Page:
Popular Science Monthly/Volume 45/September 1894/Notes
The plague reported as prevailing m China is described by a correspondent of the British Medical Journal as presenting all the symptoms of the true bubonic pest which devastated Europe in the middle ages. Although extinct in Europe, this pest has never ceased to prevail in China from time to time, and has also spread from there to Persia and Asiatic Russia. The present outbreak is characterized by intense symptoms corresponding to those of typhus, and by the bubonic boils characteristic of the disease. Europeans are not affected by it, except the soldiers who come directly in contact with it in disinfecting work. It is extremely contagious from person to person, but the danger from aerial infection is slight.
In the "Crump Burial Cave," Blount County, Ala., which was discovered in 1840, were several coffins of black and white walnut, "dug out" of logs, twelve or fifteen human skulls, and other human bones scattered about, masses of galena, grooved like the aboriginal stone axes or mauls, as if for use as war clubs, and other more usual implements. Near this cave Mr. Frank Burns has since found an Indian ladder that had been used to climb up to a "rock house," a large, roomy, dry place under overhanging cliffs of stone, which was also probably employed for burial purposes. The ladder was a trunk of a cedar tree, having seven or eight steps, eighteen or nineteen inches apart, made by cutting a scarf into the tree. There are many such houses, Mr. Burns says, in the coal measures, and they were used by the aborigines as dwelling or burial places.
A blue mineral discovered near Silver City, New Mexico, and supposed to be ultramarine, occurs in irregular veins and streaks in the lime carrying the silver ore which is mined at Chloride Flat. The specimens procured by Mr. G. P. Merrill for the United States Museum exhibit the earthy blue substance which on casual inspection resembles ultramarine, associated with calcite and other substances; the analyses show, according to Mr. K. L. Packard, a chemical resemblance to talc, although the physical properties of the two minerals are different.
A company engaged in the construction of an electric railway on the Jungfrau proposes to devote twenty thousand dollars to the erection of a geophysical observatory at an altitude of about fifteen thousand feet, and to apply one thousand dollars a year for its maintenance.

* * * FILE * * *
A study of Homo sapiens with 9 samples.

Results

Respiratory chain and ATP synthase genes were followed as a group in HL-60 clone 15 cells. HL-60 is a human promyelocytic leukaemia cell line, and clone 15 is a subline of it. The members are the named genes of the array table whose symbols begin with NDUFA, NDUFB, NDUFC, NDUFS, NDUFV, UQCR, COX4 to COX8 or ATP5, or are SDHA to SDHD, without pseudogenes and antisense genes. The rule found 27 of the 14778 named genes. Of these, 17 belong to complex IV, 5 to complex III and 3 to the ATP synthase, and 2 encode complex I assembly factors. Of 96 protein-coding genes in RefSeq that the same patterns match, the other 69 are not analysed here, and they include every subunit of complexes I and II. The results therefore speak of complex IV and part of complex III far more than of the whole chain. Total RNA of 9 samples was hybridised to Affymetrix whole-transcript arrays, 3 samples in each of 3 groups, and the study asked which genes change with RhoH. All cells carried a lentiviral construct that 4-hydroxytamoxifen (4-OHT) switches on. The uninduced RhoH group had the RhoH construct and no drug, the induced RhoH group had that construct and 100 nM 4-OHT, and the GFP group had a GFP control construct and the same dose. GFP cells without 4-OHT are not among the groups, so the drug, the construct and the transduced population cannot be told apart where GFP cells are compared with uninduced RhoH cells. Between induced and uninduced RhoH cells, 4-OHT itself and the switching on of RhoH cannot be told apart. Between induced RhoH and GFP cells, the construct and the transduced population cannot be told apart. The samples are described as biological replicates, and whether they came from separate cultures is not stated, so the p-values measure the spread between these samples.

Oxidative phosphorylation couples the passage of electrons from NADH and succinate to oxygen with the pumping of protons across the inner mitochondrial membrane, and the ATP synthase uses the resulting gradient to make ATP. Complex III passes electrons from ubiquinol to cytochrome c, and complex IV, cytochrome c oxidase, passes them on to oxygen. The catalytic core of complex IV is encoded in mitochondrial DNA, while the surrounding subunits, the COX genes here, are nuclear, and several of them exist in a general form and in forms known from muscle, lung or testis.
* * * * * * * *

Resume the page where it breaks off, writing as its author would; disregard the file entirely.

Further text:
The Jakuns, or aboriginals, of Johore (Malacca) live in small communities on the banks of jungle streams, subsisting miserably on fruits, tapioca, roots, and small fish and reptiles. They seldom remain long in the same spot, but wander from place to place, living under scanty leaf shelters built on rickety poles at a considerable height from the ground. It is not uncommon to find a dozen men, women, and children, in company with a tame monkey or two, a few dogs and cats, innumerable fowls, and perhaps a tame hornbill, living in perfect harmony under the same miserable shelter. These aborigines are all very expert fishermen, using chiefly the three-pronged spear.
The National Home Reading Union of England has for four years followed the practice of taking its students every summer into the fields, to the places which best illustrate the subjects on which they are at work. Thus, this year, while the general meetings were held at Buxton, special meetings were held at Salisbury, for the study of the monuments, abundant in the district, illustrating the archæology, art, and history of early England—"from Stonehenge to Salisbury Cathedral." Special excursions were given for botany, geology, etc., and conferences on social and educational subjects.
Dr. D. L. W. Robinson, President of the South Dakota State Board of Health, is convinced from experience in practice in that region of great climatic variation and pressure that a close relationship exists between weather changes and health and disease. Yet he fails to identify this relationship specifically with either barometric changes or low temperature, and suggests that it may be connected with electrical conditions as the principal factor.
According to the Bulletin of the American Geographical Society, the recent study of the observations on mountain summits in the neighborhood of Mount St. Elias shows that Mount Logan is the loftiest peak in North America, its height being 19,500 feet—1,200 feet greater than that of Orizaba, and 1,500 feet more than that of Mount St. Elias.